International English Spelling Congress

IESC – first session

The first session of the International English Spelling Congress took place on 30 May 2018. There were two physical meetings, in Central London and Berkeley, California. Others participated via the internet. The event comprised talks on various aspects of spelling reform, plus an Open Session. The whole event has been recorded and can be accessed from the following link:  https://www.youtube.com/watch?v=lZhDlEie0vU

What happens now?

The Committee of the Society will finalise the Guidelines for authors of new schemes, taking into account comments received. An Expert Commission will be appointed. Authors will be invited (within a six months’ timescale) to submit their schemes for appraisal, using a template provided and the  Commission will choose a shortlist of about 6. After a period for comment and reflection, there will then be second session of the Congress and participants will make a final choice on an alternative to current spelling.

Why are we holding the Congress?

English as a language is relatively simple to learn in its basic form. But its spelling system is possibly the most irregular of those based on the alphabetic principle. Not merely is it hard to predict the spelling from the pronunciation, but it is not always possible to predict the pronunciation from the spelling. This peculiarity has economic and social costs. It takes English speaking primary school children longer to master basic spelling than speakers of other languages, resulting in undue stress on students and teachers from the beginning; many children carry over to secondary education spelling problems acquired earlier; and English speaking dyslexics suffer disproportionately. Functional illiteracy remains a matter of major concern in English speaking countries. No teaching method has been found which addresses satisfactorily the problems arising from the high irregularity of our spelling.

Obstacles to reform have included:

  • no official English body equivalent to the French Academie Francaise;
  • lack of co-operation on spelling matters among the governments of English speaking countries;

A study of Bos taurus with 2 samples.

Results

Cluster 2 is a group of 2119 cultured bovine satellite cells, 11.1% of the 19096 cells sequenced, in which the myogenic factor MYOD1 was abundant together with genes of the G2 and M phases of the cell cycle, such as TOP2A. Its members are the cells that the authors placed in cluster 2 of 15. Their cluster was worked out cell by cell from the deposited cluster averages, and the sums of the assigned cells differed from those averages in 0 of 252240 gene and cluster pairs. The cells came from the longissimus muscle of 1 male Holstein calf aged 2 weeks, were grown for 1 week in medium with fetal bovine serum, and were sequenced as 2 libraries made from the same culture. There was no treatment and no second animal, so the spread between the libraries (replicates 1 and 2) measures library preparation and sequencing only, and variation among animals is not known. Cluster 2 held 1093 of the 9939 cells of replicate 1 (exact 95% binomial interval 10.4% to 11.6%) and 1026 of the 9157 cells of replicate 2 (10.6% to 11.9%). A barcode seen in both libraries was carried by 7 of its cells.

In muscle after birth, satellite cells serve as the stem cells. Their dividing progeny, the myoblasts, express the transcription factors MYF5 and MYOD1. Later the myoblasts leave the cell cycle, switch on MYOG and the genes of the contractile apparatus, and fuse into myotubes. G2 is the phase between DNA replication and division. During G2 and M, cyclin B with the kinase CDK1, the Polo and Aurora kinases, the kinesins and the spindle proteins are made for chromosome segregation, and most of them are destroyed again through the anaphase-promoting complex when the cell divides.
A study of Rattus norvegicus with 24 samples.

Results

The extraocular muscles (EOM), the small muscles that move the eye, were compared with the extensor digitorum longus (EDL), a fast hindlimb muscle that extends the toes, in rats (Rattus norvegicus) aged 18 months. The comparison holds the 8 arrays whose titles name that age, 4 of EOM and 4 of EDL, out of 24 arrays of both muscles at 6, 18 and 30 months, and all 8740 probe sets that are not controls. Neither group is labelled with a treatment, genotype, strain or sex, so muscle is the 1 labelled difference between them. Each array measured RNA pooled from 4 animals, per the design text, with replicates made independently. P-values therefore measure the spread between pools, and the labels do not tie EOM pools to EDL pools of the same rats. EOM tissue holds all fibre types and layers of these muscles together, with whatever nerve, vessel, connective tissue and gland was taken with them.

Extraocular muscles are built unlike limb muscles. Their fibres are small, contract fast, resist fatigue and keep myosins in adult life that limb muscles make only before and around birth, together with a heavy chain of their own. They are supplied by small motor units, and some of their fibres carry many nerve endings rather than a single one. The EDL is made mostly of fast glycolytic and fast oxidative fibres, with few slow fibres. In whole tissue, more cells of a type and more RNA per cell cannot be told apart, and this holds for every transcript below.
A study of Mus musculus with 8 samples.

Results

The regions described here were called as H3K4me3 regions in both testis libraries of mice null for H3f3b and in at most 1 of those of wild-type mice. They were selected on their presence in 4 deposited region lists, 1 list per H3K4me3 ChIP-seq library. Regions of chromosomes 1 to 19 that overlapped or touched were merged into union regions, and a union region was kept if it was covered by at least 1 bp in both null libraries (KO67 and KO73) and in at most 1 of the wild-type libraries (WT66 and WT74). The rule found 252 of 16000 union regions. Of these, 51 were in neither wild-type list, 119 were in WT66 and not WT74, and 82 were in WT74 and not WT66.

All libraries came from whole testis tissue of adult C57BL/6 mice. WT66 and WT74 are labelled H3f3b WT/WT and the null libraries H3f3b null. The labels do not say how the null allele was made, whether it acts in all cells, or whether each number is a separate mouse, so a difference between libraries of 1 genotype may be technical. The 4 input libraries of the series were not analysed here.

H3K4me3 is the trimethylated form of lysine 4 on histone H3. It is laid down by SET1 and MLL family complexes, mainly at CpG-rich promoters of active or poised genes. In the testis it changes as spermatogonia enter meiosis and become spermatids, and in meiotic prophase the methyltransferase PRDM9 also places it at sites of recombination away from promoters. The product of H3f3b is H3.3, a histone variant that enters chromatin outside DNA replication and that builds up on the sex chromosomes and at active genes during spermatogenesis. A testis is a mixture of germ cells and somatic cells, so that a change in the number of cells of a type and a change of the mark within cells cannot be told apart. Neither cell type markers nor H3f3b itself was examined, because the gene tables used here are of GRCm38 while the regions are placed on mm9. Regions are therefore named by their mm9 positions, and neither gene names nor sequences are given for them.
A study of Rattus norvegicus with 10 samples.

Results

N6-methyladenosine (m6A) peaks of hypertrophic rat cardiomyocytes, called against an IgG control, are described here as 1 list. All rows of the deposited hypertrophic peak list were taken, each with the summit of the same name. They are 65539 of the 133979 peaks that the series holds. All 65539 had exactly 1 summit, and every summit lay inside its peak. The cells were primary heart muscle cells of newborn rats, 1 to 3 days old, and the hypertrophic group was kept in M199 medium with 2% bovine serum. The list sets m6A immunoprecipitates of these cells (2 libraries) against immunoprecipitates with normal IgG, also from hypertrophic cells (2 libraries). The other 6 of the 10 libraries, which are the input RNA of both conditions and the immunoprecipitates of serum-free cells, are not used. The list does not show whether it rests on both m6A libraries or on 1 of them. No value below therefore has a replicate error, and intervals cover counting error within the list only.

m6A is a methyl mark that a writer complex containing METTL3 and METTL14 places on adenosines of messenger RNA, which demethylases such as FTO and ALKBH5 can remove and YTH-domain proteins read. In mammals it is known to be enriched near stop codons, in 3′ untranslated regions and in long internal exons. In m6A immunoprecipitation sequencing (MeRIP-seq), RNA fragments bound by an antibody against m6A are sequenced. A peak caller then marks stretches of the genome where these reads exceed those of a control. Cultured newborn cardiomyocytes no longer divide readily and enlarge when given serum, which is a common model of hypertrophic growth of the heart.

• failure of those in favour of reform to agree on a feasible alternative to traditional spelling.

Many proposals have been put forward. But these have been written and promoted by reform enthusiasts; there has been little attempt to involve the public in the wider English Speaking World. The Congress seeks to remedy this failure.

  • See the Detailed Plans for more detail on how the Congress will proceed.
  • Complete the Application Form to take part in the remaining activities of the Congress. Applications to participate in the Congress may be received up until the Second Session, probably in 2019.  Applications from the whole world are welcome.
  • Read the Guidance Notes if you are thinking of proposing a spelling scheme for Congress to consider.
  • See all Society Press Releases. (The latest one is linked below.)
  • If you would like to discuss any aspect of the IESC, feel free to post it on the Society Blog.

Our plans – in detail

  • See the Detailed Plans for more detail on how the Congress will proceed.
  • Complete the Application Form to take part in the Congress. Applicants from the whole world are welcome.
  • Read these Guidance Notes if you are thinking of proposing a spelling scheme for Congress to consider.
  • See all Society Press Releases. (The latest one is linked below.)
  • If you would like to discuss any aspect of the IESC, feel free to post on the Society Blog.

 

Page editor: S Linstead. Contact by email or form.

 

IESC Press Release 2018-01-30

English spelling is broken: plans to find a new spelling system announced today.



IESC Detailed Plans

How the Congress will proceed.



IESC Guidance Notes

Read these notes if you are thinking of proposing a spelling scheme for Congress to consider.



IESC Application Form

Applicants from the whole world are welcome.